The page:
Tuesday, January 7, 2014


When I was growing up, my best friend lived right across the street from me.

It was as solid of a friendship as a kid could hope for. We both loved the Yankees and baseball cards. We worshipped STAR WARS, played night games like Capture the Flag and Kick the Can with other neighborhood kids, had sleepovers and re-enacted a scene from WAYNE’S WORLD for the 5th & 6th grade talent show. We built a clubhouse in the back room or his garage and turned the space behind that same garage under a huge pine tree into a little hut.

Every week during football season, we’d each put a dollar a in a little jar at my house. At the end of the season, we’d have about forty bucks and my mom would drive us to the grocery store so we could spend it all on junk food for our own private Super Bowl party. He loved Michael Jackson a bit too much for my taste, and both of his parents were habitual chain smokers so he always smelled like stale cigarettes, but we got along great.

Most importantly though, his dad had a subscription to Playboy.

I knew what Playboy was before I met him, but I’d never actually seen one. This was well before the Internet and long before girls posted nudes (with their head cropped off, of course) on Tumblr or sent sexy texts. An old, passed-around copy of Playboy was all we had.

His dad knew we looked at it. How could he not? As most houses did in the 80’s, they had a place right in the front room where all the magazines lived until it was time to throw them out. Along with Sports Illustrated, Sporting News, People and a few others that his parents subscribed to, Playboy was left right out in plain sight. We’d always sneak some peeks while the current issue was lying around, but the real trick was finding ways to keep them.

One of Jonathan’s chores was to take out the garbage and every few weeks and that would usually include a stack of magazines that his parents didn't want anymore. Everything went right into the trash cans outside because no one had figured out that recycling might be a good idea in the long run.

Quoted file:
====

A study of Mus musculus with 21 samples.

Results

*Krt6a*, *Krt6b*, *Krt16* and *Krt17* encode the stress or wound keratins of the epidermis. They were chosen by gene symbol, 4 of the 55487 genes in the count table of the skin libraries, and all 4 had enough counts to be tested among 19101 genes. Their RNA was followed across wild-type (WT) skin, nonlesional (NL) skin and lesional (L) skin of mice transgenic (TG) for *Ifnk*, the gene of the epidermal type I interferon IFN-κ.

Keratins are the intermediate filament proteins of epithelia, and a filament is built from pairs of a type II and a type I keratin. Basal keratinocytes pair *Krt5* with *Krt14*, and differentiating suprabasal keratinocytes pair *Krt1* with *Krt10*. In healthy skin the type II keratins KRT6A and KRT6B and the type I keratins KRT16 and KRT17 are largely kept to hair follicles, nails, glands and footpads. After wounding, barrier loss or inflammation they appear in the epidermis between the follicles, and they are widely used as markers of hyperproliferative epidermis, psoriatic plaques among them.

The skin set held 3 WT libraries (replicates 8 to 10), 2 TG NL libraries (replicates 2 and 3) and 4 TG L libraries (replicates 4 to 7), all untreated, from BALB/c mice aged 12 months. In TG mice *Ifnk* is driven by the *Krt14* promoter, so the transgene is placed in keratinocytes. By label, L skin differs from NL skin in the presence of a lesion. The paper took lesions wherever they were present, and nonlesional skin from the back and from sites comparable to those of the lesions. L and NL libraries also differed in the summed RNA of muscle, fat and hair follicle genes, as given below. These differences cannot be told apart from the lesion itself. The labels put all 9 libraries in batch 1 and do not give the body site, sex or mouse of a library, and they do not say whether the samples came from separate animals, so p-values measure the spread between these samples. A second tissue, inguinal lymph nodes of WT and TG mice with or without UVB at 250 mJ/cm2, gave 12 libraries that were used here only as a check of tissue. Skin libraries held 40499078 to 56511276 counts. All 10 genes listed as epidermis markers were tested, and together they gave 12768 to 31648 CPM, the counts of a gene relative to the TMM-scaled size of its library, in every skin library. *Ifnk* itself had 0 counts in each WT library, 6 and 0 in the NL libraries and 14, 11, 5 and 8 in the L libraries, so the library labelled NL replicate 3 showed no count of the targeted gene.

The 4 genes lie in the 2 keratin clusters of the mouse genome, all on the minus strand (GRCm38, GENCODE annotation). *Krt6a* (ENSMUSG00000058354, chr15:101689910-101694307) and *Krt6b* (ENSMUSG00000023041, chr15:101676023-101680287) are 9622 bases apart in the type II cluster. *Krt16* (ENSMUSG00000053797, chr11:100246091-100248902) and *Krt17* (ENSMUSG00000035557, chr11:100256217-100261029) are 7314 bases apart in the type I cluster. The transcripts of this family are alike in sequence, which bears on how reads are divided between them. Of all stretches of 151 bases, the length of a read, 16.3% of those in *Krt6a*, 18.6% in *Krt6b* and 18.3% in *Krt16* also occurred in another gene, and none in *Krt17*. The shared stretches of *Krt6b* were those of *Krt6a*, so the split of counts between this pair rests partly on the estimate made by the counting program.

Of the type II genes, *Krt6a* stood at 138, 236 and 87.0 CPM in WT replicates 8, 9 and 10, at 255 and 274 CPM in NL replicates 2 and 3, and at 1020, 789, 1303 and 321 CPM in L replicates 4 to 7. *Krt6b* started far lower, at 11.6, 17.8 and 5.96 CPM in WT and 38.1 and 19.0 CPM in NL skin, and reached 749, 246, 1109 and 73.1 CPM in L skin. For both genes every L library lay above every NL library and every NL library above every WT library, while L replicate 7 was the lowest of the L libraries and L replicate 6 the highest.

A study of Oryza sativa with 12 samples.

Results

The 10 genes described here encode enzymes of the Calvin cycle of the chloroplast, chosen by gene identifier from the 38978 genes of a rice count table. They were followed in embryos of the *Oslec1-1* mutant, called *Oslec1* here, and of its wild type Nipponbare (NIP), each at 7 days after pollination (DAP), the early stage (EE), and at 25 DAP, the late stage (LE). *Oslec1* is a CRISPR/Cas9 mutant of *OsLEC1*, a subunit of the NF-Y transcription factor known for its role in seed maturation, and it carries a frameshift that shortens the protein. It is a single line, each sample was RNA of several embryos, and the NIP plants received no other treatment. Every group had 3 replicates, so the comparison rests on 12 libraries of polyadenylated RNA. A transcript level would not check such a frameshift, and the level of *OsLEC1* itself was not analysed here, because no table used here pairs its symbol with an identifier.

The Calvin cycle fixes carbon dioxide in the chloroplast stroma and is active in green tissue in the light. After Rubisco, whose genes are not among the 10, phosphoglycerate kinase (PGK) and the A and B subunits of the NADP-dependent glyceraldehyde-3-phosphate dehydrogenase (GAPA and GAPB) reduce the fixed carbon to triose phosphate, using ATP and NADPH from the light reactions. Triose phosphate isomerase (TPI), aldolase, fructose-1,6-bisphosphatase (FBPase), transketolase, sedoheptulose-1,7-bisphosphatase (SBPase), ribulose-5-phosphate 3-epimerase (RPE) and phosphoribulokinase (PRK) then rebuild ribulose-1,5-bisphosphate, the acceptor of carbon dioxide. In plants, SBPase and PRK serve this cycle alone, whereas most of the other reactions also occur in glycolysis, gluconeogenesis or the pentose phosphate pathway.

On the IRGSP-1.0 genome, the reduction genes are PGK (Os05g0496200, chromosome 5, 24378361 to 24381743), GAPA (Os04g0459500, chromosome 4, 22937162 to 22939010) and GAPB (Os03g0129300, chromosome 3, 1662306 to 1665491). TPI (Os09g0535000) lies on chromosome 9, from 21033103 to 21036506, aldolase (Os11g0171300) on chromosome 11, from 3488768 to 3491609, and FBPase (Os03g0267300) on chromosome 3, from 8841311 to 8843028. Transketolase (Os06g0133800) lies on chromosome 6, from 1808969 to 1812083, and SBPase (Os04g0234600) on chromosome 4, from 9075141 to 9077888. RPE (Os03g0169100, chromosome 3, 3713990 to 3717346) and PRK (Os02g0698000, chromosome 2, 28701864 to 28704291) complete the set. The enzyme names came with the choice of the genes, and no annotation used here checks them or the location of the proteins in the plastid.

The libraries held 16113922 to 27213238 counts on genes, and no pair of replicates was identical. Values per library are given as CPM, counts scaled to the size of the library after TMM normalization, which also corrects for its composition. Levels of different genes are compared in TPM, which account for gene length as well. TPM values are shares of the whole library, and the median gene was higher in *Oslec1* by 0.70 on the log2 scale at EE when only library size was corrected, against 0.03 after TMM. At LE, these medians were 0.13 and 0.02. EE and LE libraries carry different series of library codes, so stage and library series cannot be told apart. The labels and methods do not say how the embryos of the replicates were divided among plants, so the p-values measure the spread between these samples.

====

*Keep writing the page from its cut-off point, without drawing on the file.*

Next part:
Jonathan and I hatched a plan.

Whenever the Playboy ended up in the stack to be thrown out, Jonathan would carefully remove it once he got outside. If his mom wasn't in the kitchen or dining room, which both had windows overlooking the driveway where the garbage was and backyard, he’d dump the magazines, take the coveted Playboy and hide it.

Sometimes it had to be hidden in the bushes just outside the back door until Jonathan could get back outside, but sometimes he’d drop the trash while his parents were watching TV in separate bedrooms. In that case, he’d be able to sneak either into the garage clubhouse or the hut and place the magazine in its intended spot. We had an old Lego carrying case about the size of a briefcase that held all of our porn. At first it was in the back of the garage, but that flooded and ruined a whole stack of them. We figured they’d be safer in the hut, but forgot that even in the summer it still rains. Another stack was ruined not long after.

Hiding physical magazines full of naked girls is really hard when you’re 10 years old.

One issue that we took the best care of was June 1994—one of Jenny McCarthy’s centerfold appearances. We were mesmerized by her in every possible way. It’s probably the issue that we held on to the longest—with one of the Pamela-Anderson-in-her-prime issues coming in at a close second.

Those magazines lived in that Lego briefcase for a long time and they become some of our most prized possessions right next to my Don Mattingly rookie, 60+ Bo Jackson card collection and still-in-the-package Princess Leia in Bounty Hunter Gear toy. Only I couldn't really show the magazines to anyone other than our friend Nick, who we let in on our secret stash when he moved up from West Valley.

To this day, that stretch of my childhood where Jenny McCarthy was all I thought about is the only time that I have ever given a single fuck about anything to do with Jenny McCarthy.

1 comment:

  1. That same lego box has the same issues that were left in the garage. Jenny is on top of the pile still.